Contrary to popular belief, it isn’t every woman’s dream to get married, start a family and retire when the kids grow up. Not entirely dismissing the idea, it simply wasn’t my dream, too. Maybe, not yet. While I was overly fond of babies and kids, it was never my plan to have one of my own. But, guess what? I am going to be a mum!

So while I sat on my bed with the faint second line shouting ‘POSITIVE’, it scared me. Let’s start with how much it will hurt to give birth! 10-hour labour? The blood loss?

The thoughts just came crashing in…

Am I even cut out for this? What if I’m not as good as I thought – how good will I be as a mother? What if my kid hates me?

What about all the places I want to go to? How about my dreams? How about my job? What will I feed my baby? Are we safe from the pandemic?

Before I could stop myself, I had very self-centred questions. I could already feel the eyes of my friends, my family, passers-by… My anxiety was high-rolling. What would people think? I was overthinking. I could hear their stares, their voices in disgust and disappointment. I needed to stop thinking about anything and everything.

Was I Pregnant?

going to be a mum

Days before finding myself with a positive pregnancy test result, I’ve been having doubts. It can’t be – we weren’t active in bed, we barely saw each other, and it was normal for me to miss a couple of days… My vomiting was a normal symptom of hyperacidity and I wake up too early to keep my energy running all day.

I even went on a cycling trip with colleagues from work, had a good night of booze and stayed up for hours with friends – maybe my vices are taking their toll on my body. But, that day had to be different – I just had a gut feeling. The next thing I know, I was asking my boss for an emergency leave – I needed to see a doctor. I can’t self-diagnose, I’d laugh at myself for even thinking about being pregnant.

The afternoon of the morning I found myself lost and sitting on my bed, I was sitting in front of yet another positive pregnancy test – and a doctor telling me it is what it is. Then something the doctor said woke me up from my selfish dilemmas – the heartbeat was too faint. She could tell that the baby was growing at seven weeks, but should I have gone later, I could have lost the baby.

That morning, I was thinking about nothing but myself. How could I not think about the growing life inside me?

If you’re pregnant now, I know it’s sometimes overwhelming… But for a moment, did you stop to let everything sink in and actually feel the warmth of a life growing inside you? Because I did. Because the moment the doctor said the baby’s heart was weak, I didn’t stop for a second to think. All I did in a split second was ask, “can we do anything to save the baby?”

Telling The Big ‘Small’ News

going to be a mum

After confirming that I was pregnant, I was scared to tell my dad. I was even scared to tell the baby’s father! But, I had to. And, I didn’t hear from my dad for months. As for the baby’s father, it took him a night to think everything through.

I told my closest friends – I could hear the dismay. I could hear the sighs of disappointment. I told my boss and she didn’t speak to me normally for days. It was a shock for almost everyone.

I mean, come on, I was shocked myself! I closed myself off from any plans of having kids or getting married because there were infertility issues in my side of the family and my partner was… Well, he’s separated from his wife.

Before the lockdown in March 2020, he asked me to move in with him. I was almost four months into the pregnancy, I would need support from my partner. And he was more than happy to be there for the baby, and me. I would always think he was in it for the baby, but he never made me feel left out – he loved me and the baby.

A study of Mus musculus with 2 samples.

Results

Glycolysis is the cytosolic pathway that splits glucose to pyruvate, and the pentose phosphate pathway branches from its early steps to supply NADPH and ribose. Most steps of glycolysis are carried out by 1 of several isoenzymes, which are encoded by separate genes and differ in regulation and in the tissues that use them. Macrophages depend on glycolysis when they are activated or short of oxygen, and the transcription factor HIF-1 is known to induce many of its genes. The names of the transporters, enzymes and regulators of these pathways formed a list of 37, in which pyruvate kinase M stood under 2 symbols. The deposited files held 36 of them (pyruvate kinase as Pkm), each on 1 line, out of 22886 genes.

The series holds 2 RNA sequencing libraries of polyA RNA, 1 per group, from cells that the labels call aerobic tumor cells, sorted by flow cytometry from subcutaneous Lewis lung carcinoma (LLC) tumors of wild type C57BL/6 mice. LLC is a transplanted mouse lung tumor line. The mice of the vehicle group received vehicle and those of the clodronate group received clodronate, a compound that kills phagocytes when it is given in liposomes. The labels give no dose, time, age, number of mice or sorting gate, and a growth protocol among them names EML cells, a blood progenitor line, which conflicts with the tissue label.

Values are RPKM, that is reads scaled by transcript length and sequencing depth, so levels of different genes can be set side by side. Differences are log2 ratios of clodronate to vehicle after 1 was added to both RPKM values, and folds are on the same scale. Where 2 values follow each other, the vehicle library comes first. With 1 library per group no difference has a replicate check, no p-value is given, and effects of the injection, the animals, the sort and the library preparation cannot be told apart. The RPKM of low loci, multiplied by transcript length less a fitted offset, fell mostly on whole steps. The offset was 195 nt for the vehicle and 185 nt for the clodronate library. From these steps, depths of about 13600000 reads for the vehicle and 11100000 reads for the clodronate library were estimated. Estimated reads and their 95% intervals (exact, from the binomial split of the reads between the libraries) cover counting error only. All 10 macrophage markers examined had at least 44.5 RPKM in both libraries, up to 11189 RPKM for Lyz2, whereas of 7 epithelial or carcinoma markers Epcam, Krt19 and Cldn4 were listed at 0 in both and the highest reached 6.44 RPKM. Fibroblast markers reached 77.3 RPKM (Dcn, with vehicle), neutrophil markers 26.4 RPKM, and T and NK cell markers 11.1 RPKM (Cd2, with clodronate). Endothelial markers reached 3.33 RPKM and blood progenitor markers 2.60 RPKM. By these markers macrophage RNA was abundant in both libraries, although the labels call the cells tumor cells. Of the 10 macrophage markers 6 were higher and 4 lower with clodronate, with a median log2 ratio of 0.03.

I realised, choosing your partner is vital to a relationship, starting your family, and spending the rest of your life together.

I am one of the fortunate women who didn’t need a nurse or midwife during my pregnancy – no matter how delicate my pregnancy is. Most women need assistance during pregnancy because their husband cannot provide the moral and physical support women need during pregnancy.

 

A Supportive And Loving Partner

going to be a mum

My partner was very supportive of my mental, emotional and physical health. It started with merely watching me go up and down the stairs to cooking meals regardless of the lack of sleep – even at random 3:00 o’ clock. He would help around with chores, he dealt with my temper runs when the house was messy or dirty. I was lucky he knew what to do or say when the situation called for it.

Throughout the adjustment period of finding out I was pregnant then I’m about to be a mum, challenges didn’t go easy on my mental health. From not talking to my dad to feeling like a criminal with my partner’s family, it took me good films to distract myself from my dramatic life.

I got pregnant. I didn’t rob a bank. I’m not a criminal.

So, I couldn’t comprehend why I was being mistreated by people I thought were sincere with me. As I slowly grasped the reality that I’m going to be a mum, I started to feel every drama that is not about my child has become irrelevant.

I’m going to be a mum, and it’s probably the most empowering thing I’ve ever felt in my life.

Not imagining this would be my future was okay – it was what I always looked forward to. But actually having this – my partner and I nurturing our son, starting our own family and working on our future together, isn’t as bad as I thought it would be. It’s one of the best blessings God has ever given me.

So, yes, I’m a mum now. And, while it’s never easy, I think I would choose this same path again if I were given the chance again. I never thought I was capable of loving in this intensity – who would choose otherwise?

If you were going to be a mum, too, you’d know what I am talking about.